He received a B.S. in Mechanical Engineering, a master’s degree in Management Science and Engineering, and a master’s in Electrical Engineering from Stanford University School of Engineering. He earned his PhD at MIT in 2005, with his thesis project at the MIT Media Laboratory on reality engineering.
In his doctoral research at MIT, he gave 100 volunteers at MIT community smartphones that logged their activity over the 2004-05 academic year, giving a dataset of more than 350,000 hours of communication, proximity, location and activity information. According to Wired Magazine, “Eagle's algorithms were able to predict what people -- especially professors and Media Lab employees -- would do next and be right up to 85 percent of the time.” This work illustrated how mobile phones can be used to collect accurate, large-scale data about real social interactions. The data has been downloaded by thousands of researchers and has been analyzed in hundreds of academic publications. The project was named one of the "10 Technologies Most Likely To Change The Way We Live" by the MIT Technology Review.
As a research scientist at MIT and Fulbright Scholar in 2006, Eagle developed a mobile phone programming curriculum that has been adopted by twelve Sub-Saharan computer science departments, leading to hundreds of mobile applications.
As a postdoctoral fellow at the Santa Fe Institute in 2010, he and Eric Horvitz launched an initiative called Artificial Intelligence for Development. This initiative led to a diverse set of projects ranging from computational models of food shortages to studies on the dynamics of slums.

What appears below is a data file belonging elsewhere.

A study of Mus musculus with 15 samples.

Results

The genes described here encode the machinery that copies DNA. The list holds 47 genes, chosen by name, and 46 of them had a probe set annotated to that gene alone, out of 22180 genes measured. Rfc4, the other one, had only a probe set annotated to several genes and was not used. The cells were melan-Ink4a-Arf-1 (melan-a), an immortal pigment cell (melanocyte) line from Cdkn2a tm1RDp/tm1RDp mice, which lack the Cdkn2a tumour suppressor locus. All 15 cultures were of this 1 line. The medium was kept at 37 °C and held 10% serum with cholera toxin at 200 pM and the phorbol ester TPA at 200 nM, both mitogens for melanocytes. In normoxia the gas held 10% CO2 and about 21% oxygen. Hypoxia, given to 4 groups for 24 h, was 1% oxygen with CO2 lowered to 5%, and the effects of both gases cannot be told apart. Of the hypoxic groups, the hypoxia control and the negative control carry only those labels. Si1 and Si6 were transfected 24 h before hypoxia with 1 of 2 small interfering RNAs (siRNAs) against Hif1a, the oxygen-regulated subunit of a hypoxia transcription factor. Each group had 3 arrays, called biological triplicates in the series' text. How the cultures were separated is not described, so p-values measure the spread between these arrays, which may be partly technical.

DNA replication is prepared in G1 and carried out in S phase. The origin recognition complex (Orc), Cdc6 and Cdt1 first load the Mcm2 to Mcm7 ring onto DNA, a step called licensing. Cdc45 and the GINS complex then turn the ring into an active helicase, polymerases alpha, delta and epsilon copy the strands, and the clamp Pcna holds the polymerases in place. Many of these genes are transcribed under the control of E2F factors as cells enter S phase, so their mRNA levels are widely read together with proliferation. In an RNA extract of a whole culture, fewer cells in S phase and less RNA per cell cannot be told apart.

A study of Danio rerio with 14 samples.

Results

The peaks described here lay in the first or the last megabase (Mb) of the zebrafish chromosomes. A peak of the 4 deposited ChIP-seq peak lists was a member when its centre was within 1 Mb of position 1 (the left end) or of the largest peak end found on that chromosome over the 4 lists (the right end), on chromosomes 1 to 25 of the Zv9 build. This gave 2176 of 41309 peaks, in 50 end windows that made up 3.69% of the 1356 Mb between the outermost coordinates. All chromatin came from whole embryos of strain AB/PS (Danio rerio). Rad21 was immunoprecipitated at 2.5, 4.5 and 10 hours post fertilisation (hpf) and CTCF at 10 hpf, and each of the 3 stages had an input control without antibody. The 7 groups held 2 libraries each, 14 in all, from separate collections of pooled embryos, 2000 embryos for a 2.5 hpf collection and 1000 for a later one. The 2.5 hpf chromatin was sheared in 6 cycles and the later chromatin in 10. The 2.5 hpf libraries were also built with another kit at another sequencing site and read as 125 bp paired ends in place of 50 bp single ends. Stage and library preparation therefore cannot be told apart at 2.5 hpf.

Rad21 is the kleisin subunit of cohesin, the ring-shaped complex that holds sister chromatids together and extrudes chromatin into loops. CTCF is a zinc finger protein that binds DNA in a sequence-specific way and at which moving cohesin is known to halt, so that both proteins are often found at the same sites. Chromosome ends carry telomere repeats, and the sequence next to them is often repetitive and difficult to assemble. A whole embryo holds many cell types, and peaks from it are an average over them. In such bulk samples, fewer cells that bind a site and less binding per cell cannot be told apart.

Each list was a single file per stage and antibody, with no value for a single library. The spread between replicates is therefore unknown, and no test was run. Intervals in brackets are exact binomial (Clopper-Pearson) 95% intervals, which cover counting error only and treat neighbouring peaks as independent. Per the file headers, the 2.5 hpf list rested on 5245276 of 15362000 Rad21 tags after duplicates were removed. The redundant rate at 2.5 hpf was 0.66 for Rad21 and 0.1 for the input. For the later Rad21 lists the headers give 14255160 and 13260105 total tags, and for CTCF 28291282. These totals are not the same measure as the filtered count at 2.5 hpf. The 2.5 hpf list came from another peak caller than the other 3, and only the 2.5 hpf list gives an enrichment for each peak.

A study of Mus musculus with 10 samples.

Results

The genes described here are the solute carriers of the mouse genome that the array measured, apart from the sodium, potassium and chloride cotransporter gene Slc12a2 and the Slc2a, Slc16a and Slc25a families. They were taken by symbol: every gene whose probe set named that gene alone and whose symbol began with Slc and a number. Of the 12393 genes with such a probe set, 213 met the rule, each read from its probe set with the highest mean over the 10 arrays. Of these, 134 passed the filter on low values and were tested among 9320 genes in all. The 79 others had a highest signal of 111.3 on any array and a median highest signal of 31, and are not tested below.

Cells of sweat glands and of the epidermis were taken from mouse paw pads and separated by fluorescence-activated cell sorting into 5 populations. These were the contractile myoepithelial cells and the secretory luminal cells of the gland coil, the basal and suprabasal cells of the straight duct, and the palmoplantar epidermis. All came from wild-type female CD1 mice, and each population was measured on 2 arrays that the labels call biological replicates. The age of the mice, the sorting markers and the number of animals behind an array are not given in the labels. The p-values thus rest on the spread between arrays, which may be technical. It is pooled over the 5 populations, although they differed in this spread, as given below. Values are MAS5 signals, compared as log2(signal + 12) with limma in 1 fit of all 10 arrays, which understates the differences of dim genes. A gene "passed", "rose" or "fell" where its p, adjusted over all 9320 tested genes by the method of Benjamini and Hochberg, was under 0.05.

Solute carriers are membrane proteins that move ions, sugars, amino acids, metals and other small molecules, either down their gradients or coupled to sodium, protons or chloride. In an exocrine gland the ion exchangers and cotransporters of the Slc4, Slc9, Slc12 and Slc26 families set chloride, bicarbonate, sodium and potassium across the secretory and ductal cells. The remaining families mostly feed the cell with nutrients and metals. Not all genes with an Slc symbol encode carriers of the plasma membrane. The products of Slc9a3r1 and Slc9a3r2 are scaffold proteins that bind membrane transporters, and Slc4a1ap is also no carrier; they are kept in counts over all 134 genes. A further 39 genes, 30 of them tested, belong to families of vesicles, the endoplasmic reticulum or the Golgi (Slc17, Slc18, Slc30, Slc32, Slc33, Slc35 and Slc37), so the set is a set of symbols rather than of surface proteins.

As an adjunct assistant professor at Harvard University in 2011, he formed the Engineering Social Systems group, with researchers in fields ranging from epidemiology and public health to statistical physics and urban planning, dedicated to the analysis of large scale data for social purposes.
Based on his experiences in Africa, he co-founded Jana in 2009. The company provides free internet access to smartphone users in emerging markets through its mCent Android app. Users earn free internet in exchange for downloading and trying new mobile apps presented in mCent. As of 2016, the company operates in 15 emerging market countries with 311 mobile phone operator partners, and a user base of 30 million people.
In 2008, Nokia named Eagle one of the world's top mobile phone developers. In 2009, Eagle was inducted into the TR35, a group of top technology innovators under the age of 35. His academic work has appeared in Science, Nature and PNAS, and his perspectives featured in The New York Times, the Wall Street Journal, Bloomberg BusinessWeek and on CNN.